GMs reach tipping point for preventing concussions
Chris Stevenson, QMI Agency
NHL GM meetings focus on tweaks to gameplay
BOCA RATON, FLA. - The New York Rangers have led the Eastern Conference for most of this NHL season.
But the balance of power might be shifting west towards Pennsylvania.
With Pittsburgh Penguins captain Sidney Crosby, arguably the game's best player, back in the lineup Thursday -- top defenceman Kris Letang is expected to play, too -- the Rangers will be the first team to see the Penguins with all their big weapons at their disposal again.
"They're obviously, I think, the best team in the league," said Rangers GM Glen Sather as the NHL wrapped up three days of general managers meetings Wednesday. "With (Crosby) back, it's certainly going to make it a lot more difficult. It's good for the game. He's a great player.
"I think we'll be excited to play. They're a great team, they've got their full lineup. We're missing some people. It's going to be a good contest. We'll give them a fight."
Crosby and Letang have been out of the Penguins lineup with concussion-like symptoms. Crosby has played just eight games since he had contact with his head in back-to-back games in January of 2011. He returned Nov. 21 against the New York Islanders and had four points in just under 16 minutes of ice time. Two jarring hits in a game against the Boston Bruins Dec. 5 resulted in a return of his concussion symptoms and he has been out since.
Letang has had a couple of incidents this season, the first on a hit by Max Pacioretty of the Montreal Canadiens which sidelined him for two months. The latest incident occurred on a hit by Eric Nystrom of the Dallas Stars Feb. 29.
The timing of their return is interesting as the GM meetings conclude.
Crosby has become the poster boy for the NHL and concussions.
While much of the talk at these meetings focused on safety, the takeaway this time around is while the NHL remains vigilant, they have pretty much reached what most of the GMs consider the tipping point between maintaining the game's physical edge and making it safer for the players.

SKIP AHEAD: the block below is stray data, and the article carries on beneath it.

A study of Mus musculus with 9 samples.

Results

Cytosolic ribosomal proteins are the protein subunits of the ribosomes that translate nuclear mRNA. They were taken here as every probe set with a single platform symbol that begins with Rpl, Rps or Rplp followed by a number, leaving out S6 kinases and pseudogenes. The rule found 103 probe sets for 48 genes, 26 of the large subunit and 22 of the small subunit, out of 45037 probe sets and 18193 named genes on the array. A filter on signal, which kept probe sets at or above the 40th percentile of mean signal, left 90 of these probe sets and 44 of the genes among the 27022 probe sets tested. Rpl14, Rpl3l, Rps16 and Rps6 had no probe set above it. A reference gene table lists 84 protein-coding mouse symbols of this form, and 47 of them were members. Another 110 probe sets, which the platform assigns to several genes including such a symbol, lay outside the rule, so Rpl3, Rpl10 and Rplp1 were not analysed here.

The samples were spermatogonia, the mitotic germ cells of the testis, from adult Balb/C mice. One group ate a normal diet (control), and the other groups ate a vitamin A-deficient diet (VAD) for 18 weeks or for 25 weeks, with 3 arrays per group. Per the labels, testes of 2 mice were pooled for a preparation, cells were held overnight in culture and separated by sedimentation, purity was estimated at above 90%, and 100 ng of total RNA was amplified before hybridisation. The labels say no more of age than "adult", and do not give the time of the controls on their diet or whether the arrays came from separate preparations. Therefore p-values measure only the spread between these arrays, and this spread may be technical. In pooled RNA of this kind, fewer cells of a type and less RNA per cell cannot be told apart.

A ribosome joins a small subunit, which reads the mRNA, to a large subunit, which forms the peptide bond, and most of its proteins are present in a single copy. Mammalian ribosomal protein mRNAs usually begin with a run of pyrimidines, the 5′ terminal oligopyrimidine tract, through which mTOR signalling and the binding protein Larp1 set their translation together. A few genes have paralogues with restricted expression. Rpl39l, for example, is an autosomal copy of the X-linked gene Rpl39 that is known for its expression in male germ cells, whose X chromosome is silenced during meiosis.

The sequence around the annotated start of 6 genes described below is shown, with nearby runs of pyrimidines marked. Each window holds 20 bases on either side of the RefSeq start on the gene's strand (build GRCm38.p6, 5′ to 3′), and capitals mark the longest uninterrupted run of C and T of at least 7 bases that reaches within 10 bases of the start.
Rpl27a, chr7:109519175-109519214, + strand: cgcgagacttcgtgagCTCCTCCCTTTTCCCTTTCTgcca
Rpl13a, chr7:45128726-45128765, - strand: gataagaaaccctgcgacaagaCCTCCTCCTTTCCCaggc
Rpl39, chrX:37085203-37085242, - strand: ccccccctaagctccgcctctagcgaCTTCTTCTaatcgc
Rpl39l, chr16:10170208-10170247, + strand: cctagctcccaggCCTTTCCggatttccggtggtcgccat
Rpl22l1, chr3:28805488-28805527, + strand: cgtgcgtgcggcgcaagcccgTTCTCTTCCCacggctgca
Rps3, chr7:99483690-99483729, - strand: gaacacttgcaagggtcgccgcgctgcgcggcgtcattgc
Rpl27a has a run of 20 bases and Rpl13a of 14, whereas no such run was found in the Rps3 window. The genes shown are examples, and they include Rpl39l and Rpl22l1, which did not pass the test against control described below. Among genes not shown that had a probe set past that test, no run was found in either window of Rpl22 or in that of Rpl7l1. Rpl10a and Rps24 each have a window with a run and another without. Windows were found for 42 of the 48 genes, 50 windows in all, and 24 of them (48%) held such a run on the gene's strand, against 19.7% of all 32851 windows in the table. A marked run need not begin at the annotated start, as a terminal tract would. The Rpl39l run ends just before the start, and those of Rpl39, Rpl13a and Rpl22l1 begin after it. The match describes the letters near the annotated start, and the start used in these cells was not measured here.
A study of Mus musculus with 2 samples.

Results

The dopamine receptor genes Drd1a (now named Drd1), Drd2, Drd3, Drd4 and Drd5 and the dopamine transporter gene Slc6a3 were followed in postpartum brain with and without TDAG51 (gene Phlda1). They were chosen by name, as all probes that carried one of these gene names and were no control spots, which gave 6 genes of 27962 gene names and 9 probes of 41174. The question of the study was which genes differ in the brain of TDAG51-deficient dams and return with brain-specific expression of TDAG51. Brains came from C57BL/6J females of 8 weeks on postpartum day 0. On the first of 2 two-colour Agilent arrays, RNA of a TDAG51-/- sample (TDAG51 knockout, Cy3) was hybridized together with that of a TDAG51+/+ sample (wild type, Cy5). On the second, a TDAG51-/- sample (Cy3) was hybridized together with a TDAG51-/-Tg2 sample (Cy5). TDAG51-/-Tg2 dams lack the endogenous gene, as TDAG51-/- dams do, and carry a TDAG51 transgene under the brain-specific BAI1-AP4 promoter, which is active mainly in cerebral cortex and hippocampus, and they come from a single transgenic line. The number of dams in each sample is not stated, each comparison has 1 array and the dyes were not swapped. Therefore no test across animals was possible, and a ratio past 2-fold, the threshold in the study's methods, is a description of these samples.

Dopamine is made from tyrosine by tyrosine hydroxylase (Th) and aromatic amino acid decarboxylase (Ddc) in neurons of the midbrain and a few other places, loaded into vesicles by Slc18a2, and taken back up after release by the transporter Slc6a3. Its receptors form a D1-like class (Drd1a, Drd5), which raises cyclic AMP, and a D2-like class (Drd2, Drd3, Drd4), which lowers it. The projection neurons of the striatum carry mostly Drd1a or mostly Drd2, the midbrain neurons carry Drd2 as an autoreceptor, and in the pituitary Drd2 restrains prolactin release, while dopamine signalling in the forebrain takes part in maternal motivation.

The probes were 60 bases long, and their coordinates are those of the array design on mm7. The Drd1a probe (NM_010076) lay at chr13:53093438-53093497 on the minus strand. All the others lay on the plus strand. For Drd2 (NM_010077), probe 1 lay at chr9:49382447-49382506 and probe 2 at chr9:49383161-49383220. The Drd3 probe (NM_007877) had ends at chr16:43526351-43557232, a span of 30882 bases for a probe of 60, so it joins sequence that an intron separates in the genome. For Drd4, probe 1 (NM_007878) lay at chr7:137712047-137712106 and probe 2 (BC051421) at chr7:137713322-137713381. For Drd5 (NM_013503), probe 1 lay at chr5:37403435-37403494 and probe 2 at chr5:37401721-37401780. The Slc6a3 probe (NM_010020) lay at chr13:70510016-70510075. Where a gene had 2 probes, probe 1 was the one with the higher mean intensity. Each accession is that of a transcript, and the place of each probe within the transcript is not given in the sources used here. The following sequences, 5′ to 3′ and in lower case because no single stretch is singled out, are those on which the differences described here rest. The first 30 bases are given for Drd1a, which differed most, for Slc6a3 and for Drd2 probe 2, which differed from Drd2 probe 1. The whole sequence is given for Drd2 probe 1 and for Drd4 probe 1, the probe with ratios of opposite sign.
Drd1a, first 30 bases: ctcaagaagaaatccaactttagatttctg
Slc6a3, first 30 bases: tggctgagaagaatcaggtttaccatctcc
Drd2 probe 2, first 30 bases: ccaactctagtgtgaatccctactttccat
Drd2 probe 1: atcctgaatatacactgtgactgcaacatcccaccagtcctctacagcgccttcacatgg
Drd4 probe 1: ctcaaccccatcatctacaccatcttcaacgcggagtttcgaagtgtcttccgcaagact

The GMs have gone as far as they are willing to go when it comes to changing the game to prevent concussions.
For sure, there will continue to be work on better diagnosing and treating brain trauma. But for the first time in a couple of years, there are no new initiatives coming out of these meetings to attack the issue of concussions.
Putting the red line back in for the purposes of two-line passes and perhaps slowing the game down a bit got almost no traction here.
Taking out the trapezoid and allowing the goaltenders to handle the puck more to help their defencemen deal with the forecheck was a non-starter.
The GMs are, for the most part, happy with the job league disciplinarian Brendan Shanahan is doing in terms of deterring hits to the head with suspensions.
The attitude of the league towards brain trauma right now was pretty much summed up by Toronto Maple Leafs president and general manager Brian Burke.
"This is a full contact sport. We're going to have concussions and we're never going to get it to zero," he said, "and the game won't be worth watching if we get it to zero.
"There's only two sports where there's no out of bounds and that's hockey and ring sports. There is no place on a hockey rink you're safe if you've got the puck and it's got to stay that way. It's got to be, we're a full-contact sport. That's why players choose to play. An important part of our product is the amount of contact. In hockey all over the world, the amount of body contact in North America is distinctive. We don't want to change that."
The general managers didn't alter that.
For the foreseeable future, it seems the battle on the concussions front will be waged by Shanahan and his threat of suspension.